Kingpin of L.A.'s Israeli Mafia Sentenced to 32 Years

Moshe Matsri, along with co-defendants Yuval Geringer and Yaron Cohen
Moshe Matsri, along with co-defendants Yuval Geringer and Yaron Cohen

Moshe Matsri, the reputed boss of L.A.’s Israeli underworld, was sentenced this morning to 32 years in federal prison.

Matsri, 48, was convicted in U.S. District Court last fall of 14 counts of money laundering, cocaine trafficking and extortion. Under federal sentencing rules, he will be eligible for release sometime after his 75th birthday, at which point he likely would be deported to Israel.

In imposing a stiff sentence, Judge James S. Otero said that wiretaps showed Matsri was "callous" and "would not hesitate to use violence to secure a debt." Otero seemed particularly disturbed that Matsri had allegedly threatened the family of an LAPD officer.

The case arose from an eight-month undercover operation led by the Drug Enforcement Administration, with assistance from the LAPD and the FBI.

The investigation spanned three continents and also involved cooperation from police agencies in the Netherlands, Belgium, Canada and Israel. Matsri was one of a dozen suspects arrested in July 2013. They also included his brother Shmuel, who was prosecuted by Israeli authorities and sentenced to 12 years in prison.

L.A. police had been pursuing Moshe Matsri for years, without much success. Investigators alleged that he was behind a series of thefts, beatings and extortions in the Israeli immigrant community. Matsri, who went by the name “Moshe the Religious,” was known as a mediator of business disputes.

In their brief to the court, prosecutors argued for a sentence of 33 years. Matsri, they argued, was “the leader of a vast international criminal conspiracy engaged in drug trafficking and money laundering across multiple continents.”

Matsri’s attorney, Dean Steward, pushed for a sentence of 11 to 14 years. In a letter to the judge, Matsri said he had undergone a "disgraceful and humiliating experience to be shackled and taken away to be locked up like a common criminal."

"I have done a lot of soul searching and wanted to inform your honor that I except [sic] full responsibility for my action and feel deeply regretful for letting down my family, my community, fellow Jews, society at large, and myself," he wrote. "Please show mercy and leniency and permit me to return to my family."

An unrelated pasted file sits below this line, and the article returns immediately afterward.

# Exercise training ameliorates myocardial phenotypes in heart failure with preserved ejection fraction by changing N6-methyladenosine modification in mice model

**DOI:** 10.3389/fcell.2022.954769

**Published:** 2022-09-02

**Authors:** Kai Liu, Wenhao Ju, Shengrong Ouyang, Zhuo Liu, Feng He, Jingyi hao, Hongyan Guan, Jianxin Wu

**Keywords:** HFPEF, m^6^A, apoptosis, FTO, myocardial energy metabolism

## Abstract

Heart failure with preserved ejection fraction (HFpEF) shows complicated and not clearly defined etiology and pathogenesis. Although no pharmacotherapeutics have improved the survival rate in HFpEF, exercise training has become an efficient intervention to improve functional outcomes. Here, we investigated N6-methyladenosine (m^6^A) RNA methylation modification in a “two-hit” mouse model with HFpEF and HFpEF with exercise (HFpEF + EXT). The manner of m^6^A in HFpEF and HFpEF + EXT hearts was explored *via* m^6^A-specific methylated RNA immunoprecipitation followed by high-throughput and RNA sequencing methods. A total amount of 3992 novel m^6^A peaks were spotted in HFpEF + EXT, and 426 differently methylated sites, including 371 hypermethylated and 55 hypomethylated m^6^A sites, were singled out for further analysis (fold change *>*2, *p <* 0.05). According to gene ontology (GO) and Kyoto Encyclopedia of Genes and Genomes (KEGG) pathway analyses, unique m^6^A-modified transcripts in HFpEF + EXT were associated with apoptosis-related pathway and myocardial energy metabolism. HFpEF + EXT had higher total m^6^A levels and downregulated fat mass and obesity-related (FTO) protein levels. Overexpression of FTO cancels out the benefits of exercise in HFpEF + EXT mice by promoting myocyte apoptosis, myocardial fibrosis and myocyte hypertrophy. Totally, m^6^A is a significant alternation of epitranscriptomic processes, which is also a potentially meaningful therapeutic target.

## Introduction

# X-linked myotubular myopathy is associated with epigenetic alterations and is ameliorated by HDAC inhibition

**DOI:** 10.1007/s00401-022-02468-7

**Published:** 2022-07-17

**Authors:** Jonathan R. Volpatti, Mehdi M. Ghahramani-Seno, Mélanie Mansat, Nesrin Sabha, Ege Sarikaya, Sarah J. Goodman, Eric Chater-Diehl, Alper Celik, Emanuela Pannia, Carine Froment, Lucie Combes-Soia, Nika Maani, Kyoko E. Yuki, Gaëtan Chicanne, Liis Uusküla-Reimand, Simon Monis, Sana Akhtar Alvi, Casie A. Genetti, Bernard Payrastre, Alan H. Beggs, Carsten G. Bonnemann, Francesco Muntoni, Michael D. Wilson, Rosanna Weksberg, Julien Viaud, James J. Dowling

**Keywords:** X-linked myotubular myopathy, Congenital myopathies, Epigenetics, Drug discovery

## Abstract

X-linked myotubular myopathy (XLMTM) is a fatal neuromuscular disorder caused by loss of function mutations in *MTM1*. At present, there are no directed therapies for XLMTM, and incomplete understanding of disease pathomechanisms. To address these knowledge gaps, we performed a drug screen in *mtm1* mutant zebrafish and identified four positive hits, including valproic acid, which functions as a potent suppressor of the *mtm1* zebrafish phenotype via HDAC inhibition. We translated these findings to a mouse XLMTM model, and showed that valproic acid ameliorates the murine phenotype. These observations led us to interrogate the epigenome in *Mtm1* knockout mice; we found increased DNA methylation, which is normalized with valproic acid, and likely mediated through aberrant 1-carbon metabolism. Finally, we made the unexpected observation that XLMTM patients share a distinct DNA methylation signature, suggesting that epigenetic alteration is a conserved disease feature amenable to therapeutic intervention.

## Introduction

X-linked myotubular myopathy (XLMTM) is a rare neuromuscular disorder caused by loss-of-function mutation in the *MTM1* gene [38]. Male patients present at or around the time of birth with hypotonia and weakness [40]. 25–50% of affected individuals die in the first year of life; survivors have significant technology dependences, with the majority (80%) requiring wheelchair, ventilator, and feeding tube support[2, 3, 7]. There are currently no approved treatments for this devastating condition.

In a court filing, defense consultant John Brown maintained that Matsri is a good family man with a wife and five children, ranging in age from 6 to 18. He also went into detail about Matsri’s impoverished childhood in the slums of Tel Aviv.

According to the document, Matsri’s parents immigrated to Israel from Iraq to escape persecution in 1951. Matsri’s father ran a small food stand, where extortion was commonplace.

“Moshe’s father was extorted regularly and was twice hospitalized when he was beaten for refusing to pay,” Brown wrote. “Moshe himself was once assaulted when he would not open the door of his family’s apartment to people demanding money from his father.”

Matsri emigrated to Los Angeles in the late 1990s. Over the next 15 years, according to investigators, he would become a leading figure in the local Israeli mafia. He would mediate business disputes and back up his judgments with violence. Police documented instances of victims being beaten, tased, robbed at gunpoint and threatened with death for refusing to pay judgments.

On FBI wiretaps, Matsri was overheard instructing an associate in how to extract money from a victim.

“Tell him, ‘If I don’t get my money today … I will kill you,’” he said. He also recommended bringing some muscle to back up the threat: “Bring some baboon with you.”

According to the defense, however, Matsri was committed to his family. Matsri’s 17-year-old daughter, Sarai, wrote to the court that her father “was always around for us when we needed him,” taking the children to school, the mall and movies.

“He is well respected because of the many people he has helped,” she wrote, “and when my father gave to others it wasn’t a show for everyone to see, it was done in a hidden manner so the receiving end wouldn’t be embarrassed.”

Matsri’s sister, Sima, wrote that she was disturbed to read an L.A. Weekly story about Matsri.

“He is not close to what they are portraying him to be,” she wrote. “He is important in our life.”